A night out at Meejana
Muddy heads for a Middle Eastern feast with live music on a Saturday night out at this well-loved Weybridge restaurant.
Meejana has been in Church Street, Weybridge for 11 years, run by husband and wife team Edward Terry and Rita Cherfan – and offers up top quality modern Lebanese food. A second branch opened a few years in Kensington, and a couple of months ago Meejana also moved into Windsor. Rita is the Lebanese half of the partnership, and also the executive chef and her menus give you a good choice of traditional mezze dishes as well as some ‘secret’ family recipes.
The restaurant is on the corner of Church Street and Limes Road, and with a wide footpath at the front there’s plenty of space for outdoor seating. On hot days, the big glass windows open to bring the outside in.
Inside, the restaurant is split into three separate areas: the entrance is the bar area which houses a long polished bar and baby grand piano, the rear dining room with its vaulted ceiling and wrought iron chandelier and the main dining room just off the bar area.
There’s a cosy feel to place, with rich red curtains hanging from the windows, and a huge sofa with armchairs and coffee table dividing the dining space.
On a Saturday night – and the night we went – pianist Pasquale takes up residence at the baby grand and tinkles out some lovely tunes. It creates a great ambience, not loud and in-your-face, but classic, classy and subtle in the background.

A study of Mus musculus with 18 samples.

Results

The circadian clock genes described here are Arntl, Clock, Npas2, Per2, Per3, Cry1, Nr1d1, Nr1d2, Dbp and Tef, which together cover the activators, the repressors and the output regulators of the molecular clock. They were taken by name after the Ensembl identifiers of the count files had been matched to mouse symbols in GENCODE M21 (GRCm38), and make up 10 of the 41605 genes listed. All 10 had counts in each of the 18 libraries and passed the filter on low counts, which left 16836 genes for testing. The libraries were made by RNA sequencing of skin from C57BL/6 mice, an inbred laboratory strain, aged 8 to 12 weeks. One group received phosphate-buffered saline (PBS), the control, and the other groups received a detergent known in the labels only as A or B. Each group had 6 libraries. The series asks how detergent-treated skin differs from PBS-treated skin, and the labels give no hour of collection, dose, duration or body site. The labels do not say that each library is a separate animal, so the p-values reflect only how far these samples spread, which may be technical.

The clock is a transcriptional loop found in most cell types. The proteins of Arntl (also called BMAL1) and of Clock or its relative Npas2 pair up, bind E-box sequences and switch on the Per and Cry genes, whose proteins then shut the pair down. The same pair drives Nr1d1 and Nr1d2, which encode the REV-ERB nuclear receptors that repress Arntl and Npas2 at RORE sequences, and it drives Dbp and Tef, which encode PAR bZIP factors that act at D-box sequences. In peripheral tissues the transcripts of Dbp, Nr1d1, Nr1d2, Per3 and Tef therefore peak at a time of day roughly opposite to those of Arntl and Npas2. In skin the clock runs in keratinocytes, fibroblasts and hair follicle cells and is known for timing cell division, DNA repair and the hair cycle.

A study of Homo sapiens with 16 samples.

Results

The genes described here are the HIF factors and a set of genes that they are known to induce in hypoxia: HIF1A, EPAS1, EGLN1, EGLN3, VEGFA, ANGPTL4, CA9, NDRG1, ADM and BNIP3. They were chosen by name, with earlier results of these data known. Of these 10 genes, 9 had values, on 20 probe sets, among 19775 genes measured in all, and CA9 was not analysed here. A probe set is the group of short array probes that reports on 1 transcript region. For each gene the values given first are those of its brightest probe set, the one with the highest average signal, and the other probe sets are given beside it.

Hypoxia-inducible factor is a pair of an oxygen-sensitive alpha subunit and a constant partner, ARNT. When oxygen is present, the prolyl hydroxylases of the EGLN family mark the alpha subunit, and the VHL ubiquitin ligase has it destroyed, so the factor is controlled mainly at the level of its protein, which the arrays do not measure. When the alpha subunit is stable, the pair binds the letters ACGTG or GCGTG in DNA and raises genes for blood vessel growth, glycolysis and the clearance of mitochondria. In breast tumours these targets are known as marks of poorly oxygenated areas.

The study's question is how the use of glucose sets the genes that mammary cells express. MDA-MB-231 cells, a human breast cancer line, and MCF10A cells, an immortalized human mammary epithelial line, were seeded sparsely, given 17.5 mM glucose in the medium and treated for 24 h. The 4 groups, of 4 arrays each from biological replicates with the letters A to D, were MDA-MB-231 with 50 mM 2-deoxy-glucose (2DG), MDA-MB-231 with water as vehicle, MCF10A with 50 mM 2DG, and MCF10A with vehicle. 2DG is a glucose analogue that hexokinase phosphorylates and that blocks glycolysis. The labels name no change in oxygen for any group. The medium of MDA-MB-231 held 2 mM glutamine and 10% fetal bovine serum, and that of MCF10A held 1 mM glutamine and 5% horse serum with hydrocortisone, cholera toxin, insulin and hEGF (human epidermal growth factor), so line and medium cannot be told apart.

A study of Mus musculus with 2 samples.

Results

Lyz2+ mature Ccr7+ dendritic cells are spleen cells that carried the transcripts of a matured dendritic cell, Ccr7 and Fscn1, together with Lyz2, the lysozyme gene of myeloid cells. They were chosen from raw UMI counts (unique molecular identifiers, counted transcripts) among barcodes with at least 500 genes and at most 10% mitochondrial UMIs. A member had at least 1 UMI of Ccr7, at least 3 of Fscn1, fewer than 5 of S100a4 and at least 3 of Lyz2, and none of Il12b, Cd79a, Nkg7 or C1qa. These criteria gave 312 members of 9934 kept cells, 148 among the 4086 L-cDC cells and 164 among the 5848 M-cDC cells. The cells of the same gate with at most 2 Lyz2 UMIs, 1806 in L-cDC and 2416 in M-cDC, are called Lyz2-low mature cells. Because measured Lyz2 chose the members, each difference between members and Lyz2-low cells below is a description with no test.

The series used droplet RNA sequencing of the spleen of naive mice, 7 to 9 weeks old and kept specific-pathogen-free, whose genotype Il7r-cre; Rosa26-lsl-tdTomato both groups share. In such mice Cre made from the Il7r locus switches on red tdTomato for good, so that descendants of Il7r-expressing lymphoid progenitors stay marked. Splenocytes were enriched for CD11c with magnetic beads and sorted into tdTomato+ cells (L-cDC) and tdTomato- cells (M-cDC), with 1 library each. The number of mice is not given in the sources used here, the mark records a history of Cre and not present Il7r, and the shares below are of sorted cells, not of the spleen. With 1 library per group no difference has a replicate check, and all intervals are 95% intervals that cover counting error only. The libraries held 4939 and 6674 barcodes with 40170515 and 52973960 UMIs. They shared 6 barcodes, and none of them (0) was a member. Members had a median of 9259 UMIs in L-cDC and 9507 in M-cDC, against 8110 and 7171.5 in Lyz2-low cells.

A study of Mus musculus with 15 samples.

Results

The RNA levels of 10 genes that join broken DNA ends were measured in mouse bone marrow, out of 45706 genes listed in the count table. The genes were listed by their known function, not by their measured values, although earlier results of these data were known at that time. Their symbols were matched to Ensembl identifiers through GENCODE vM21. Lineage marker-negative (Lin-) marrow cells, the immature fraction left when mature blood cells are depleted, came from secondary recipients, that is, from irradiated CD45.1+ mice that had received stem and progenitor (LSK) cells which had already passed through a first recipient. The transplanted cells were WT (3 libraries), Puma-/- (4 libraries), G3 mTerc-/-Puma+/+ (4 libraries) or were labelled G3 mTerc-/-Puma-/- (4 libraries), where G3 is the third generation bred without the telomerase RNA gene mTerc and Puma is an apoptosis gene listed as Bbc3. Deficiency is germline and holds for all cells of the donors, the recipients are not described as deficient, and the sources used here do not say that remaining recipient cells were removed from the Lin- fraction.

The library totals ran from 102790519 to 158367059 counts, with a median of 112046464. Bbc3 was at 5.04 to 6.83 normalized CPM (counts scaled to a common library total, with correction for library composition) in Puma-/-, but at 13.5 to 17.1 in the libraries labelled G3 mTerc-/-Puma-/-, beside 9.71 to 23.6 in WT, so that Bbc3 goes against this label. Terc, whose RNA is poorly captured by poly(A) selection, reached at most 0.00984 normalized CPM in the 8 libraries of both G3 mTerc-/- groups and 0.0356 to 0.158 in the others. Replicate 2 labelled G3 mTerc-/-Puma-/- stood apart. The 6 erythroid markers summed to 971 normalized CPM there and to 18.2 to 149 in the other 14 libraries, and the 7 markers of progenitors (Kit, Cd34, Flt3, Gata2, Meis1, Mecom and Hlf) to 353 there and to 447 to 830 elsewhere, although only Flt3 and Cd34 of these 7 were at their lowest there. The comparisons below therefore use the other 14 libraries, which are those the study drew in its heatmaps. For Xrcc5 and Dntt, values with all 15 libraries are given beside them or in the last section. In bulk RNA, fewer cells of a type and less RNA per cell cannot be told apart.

SCOFF & QUAFF
The food is wonderful. I’ve eaten here before lunchtime, and the mezze is excellent – fresh and full of flavour. It’s an extensive menu with a lot of choices, so be prepared for some tricky decisions. As I’d eaten a range of mezze dishes on my previous visit, I decided to go with something like the Lebanese family style dish.
Mr M and I decided to share a couple of starters from the vegetarian hot mezze selection: a Kellaj Jebne -that’s halloumi cheese, thyme and tomato grilled in Lebanese flat bread to me and you – and the falafels. If you’re feeling adventurous, there’s a choice of delicacies that includes frog’s legs, snails, lambs tongue and chicken livers.
Moving on to mains, and I went for the Sabeedish with tomato rice – squid cooked in a herby tomato sauce – and Mr M chose the Samke Tajen (sea bass) with saffron rice. Everything was perfectly cooked. It’s all freshly prepared in the kitchen, and arrives quickly. The service is friendly and helpful.
We shared a bottle of the white Lebanese wine, a Sauvignon Blanc that was really lovely. But there’s an extensive drinks menu, and if you’re not in the mood for eating, you’re welcome to pull up a stool at the bar, take in the music and enjoy a cocktail or two.
We shared two scrummy desserts – the traditional Om Ali – described as a Lebanese bread and butter pudding, but in actual fact nothing at all like the English version because it’s about 1000 times better – and the crêpe apricot with rum and raisin. I’m glad we shared, as both were delicious.
Kids are welcome, and there are high chairs for babies and toddlers. The mezze style of eating is a great way to introduce food to your kids they may not be used to – there’s plenty for them to try, and bound to be something they love.
THE MUDDY VERDICT
Good for: This is great for groups, couples, girly get-togethers, families.
Not for: It’s Lebanese food, so if you’re not keen on Middle Eastern flavours you probably won’t like it.
The damage: Mezze dishes are from £5-7.50 each, mains are from £13-£21.50, suggested menus are from £19-£25 per person.